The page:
When the two young men got on each other's nerves and started fighting, Terry phoned home in tears from Sheet Harbour, N.S., to say he needed help. His parents took a week's vacation and flew to Halifax, where they thrashed out the conflicts with the two young men. The Foxes knew that both boys could be stubborn, that their son could be demanding and that Mr. Alward was more likely to withdraw than stand up to his friend. "If you have to yell, yell," Ms. Fox told Mr. Alward, before reluctantly offering up another son to the road, Terry's younger brother Darrell, 17, who left grade 12 a month early so he could join the Marathon as an emotional safety valve now that school was out. Darrell, who has been national director of the Terry Fox Foundation since 1990, is still taking care of his older brother.
About this time the run got the attention of hotelier Issy Sharp. He and his wife Rosalie were no strangers to cancer. Their son Christopher had died, age 18, of melanoma on March 10, 1978, a year after Terry's diagnosis. Sharp offered food and accommodation wherever en route there was a hotel in the Four Seasons chain; when Terry was discouraged because so few people were making donations and lining the route as he made his way through Quebec, Mr. Sharp pledged two dollars for every mile he ran, persuaded close to a thousand other corporations to do the same, and sent one of his staff to Montreal to help the local Cancer Society drum up support.
The real difference came in Ontario and in Toronto, where Mr. Sharp organized a luncheon for 500, including the lieutenant-governor Pauline McGibbon, to hear Terry speak about his dream. From then on, the press and the public were one in lining the route. Mr. Sharp was also the person who came up with the idea of carrying on the Marathon of Hope as an annual fall run and discussed logistics and parameters with Terry before his death. He continues to sit on the board of the Terry Fox Foundation.
After their son's death, the Foxes visited many communities to open Terry Fox schools and playgrounds, and to unveil statues. While her husband was shy and spoke hesitantly from prepared texts, Betty was a natural as a public speaker and soon had a heavy schedule, travelling thousands of kilometres a year on behalf of the run and her son's legacy. On the 10th anniversary of Terry's run, she and her husband re-traced his route by car, visiting schools where he had spoken and homes where he had eaten meals and been given a bed.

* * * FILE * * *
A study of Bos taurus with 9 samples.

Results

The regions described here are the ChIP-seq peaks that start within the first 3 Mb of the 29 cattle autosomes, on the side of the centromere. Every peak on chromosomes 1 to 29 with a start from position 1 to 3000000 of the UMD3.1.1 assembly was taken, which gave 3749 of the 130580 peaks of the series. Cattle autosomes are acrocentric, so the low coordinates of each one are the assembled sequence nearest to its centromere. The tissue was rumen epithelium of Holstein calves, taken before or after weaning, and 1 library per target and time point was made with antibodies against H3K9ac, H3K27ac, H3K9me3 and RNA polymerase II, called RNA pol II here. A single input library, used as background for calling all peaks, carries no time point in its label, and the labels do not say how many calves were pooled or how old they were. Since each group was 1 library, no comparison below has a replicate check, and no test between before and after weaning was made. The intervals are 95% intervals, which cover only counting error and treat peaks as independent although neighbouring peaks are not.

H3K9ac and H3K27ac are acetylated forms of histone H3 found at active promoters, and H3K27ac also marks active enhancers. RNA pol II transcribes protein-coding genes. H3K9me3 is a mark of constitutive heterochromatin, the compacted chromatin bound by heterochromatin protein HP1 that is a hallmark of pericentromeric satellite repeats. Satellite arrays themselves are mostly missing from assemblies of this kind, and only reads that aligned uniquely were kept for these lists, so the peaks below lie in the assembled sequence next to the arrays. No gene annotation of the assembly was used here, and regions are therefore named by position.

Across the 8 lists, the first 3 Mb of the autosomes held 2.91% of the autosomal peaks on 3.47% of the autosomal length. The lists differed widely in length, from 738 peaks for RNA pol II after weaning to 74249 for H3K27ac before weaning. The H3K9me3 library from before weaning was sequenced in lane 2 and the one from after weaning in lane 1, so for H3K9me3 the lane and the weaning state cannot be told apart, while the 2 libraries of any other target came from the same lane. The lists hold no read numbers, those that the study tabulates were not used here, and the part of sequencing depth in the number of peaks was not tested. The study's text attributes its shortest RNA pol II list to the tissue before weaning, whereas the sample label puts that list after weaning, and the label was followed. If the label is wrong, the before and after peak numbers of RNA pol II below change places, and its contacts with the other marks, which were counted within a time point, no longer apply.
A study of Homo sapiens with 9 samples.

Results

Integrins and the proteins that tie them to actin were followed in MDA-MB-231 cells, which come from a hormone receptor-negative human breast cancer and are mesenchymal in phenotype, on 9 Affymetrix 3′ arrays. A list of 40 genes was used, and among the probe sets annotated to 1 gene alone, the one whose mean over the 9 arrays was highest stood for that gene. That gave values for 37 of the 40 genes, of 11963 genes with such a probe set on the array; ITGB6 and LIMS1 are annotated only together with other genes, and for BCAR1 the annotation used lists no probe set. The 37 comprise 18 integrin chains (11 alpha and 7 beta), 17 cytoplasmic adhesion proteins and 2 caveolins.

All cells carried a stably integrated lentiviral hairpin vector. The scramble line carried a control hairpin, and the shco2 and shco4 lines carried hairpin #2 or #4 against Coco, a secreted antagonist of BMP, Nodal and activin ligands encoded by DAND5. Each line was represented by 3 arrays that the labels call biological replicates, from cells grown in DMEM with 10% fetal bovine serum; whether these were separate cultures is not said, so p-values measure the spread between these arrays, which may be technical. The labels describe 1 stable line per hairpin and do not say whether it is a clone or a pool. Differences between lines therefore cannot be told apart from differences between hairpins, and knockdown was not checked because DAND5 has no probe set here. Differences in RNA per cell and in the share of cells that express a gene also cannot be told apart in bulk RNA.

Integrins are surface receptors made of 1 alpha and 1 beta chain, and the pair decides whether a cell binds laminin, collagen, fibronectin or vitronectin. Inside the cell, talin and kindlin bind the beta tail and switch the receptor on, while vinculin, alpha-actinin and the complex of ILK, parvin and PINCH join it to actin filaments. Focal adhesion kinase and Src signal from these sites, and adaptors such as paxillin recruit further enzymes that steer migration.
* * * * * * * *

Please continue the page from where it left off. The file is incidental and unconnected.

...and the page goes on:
The anniversaries never got easier, but she always agreed to interview requests. Invariably that meant reliving the day in September, 1979, when Terry - flush with accomplishment from finishing his first competitive run as an amputee - told her that his real goal was not to enter an occasional marathon in B.C., but to run across the country to raise money for cancer research. She yelled and screamed, and so apparently did he, as she tried to argue him out of doing something so dangerous and foolish. For Terry, the arduous physical demands of the road ahead were nothing compared to the suffering and fear he had witnessed in other patients on the cancer ward.
Memories of that confrontation and its resolution stayed with her.
"He said, 'I thought you'd be one of the first persons to believe in me," she told Maclean's in 2005, sitting in the living room of her mobile retirement home in Chilliwack, in the Fraser Valley. "And I wasn't. I was the first person who let him down."
Even if that were true, she more than made up for those early doubts. She believed in him and kept the faith alive for the rest of her own life.
Last year, on the eve of the 29th annual run, she retold that story to The Globe, but she was more forgiving of herself. "It didn't matter what we said to Terry. We knew he was going to [do it]and rather than argue and try to talk him out of it, we went along with him and just did our best to help him get things ready to go." And so she did.
Betty Fox died on June 17. She had been suffering from arthritis, diabetes and other illnesses. Unlike her son's death, in the glare of a public spotlight, her final days were closely guarded. After a media outlet published an inaccurate story that she was in a hospice dying of cancer, her family requested privacy, a wish that was largely respected. Funeral arrangements have not been disclosed yet.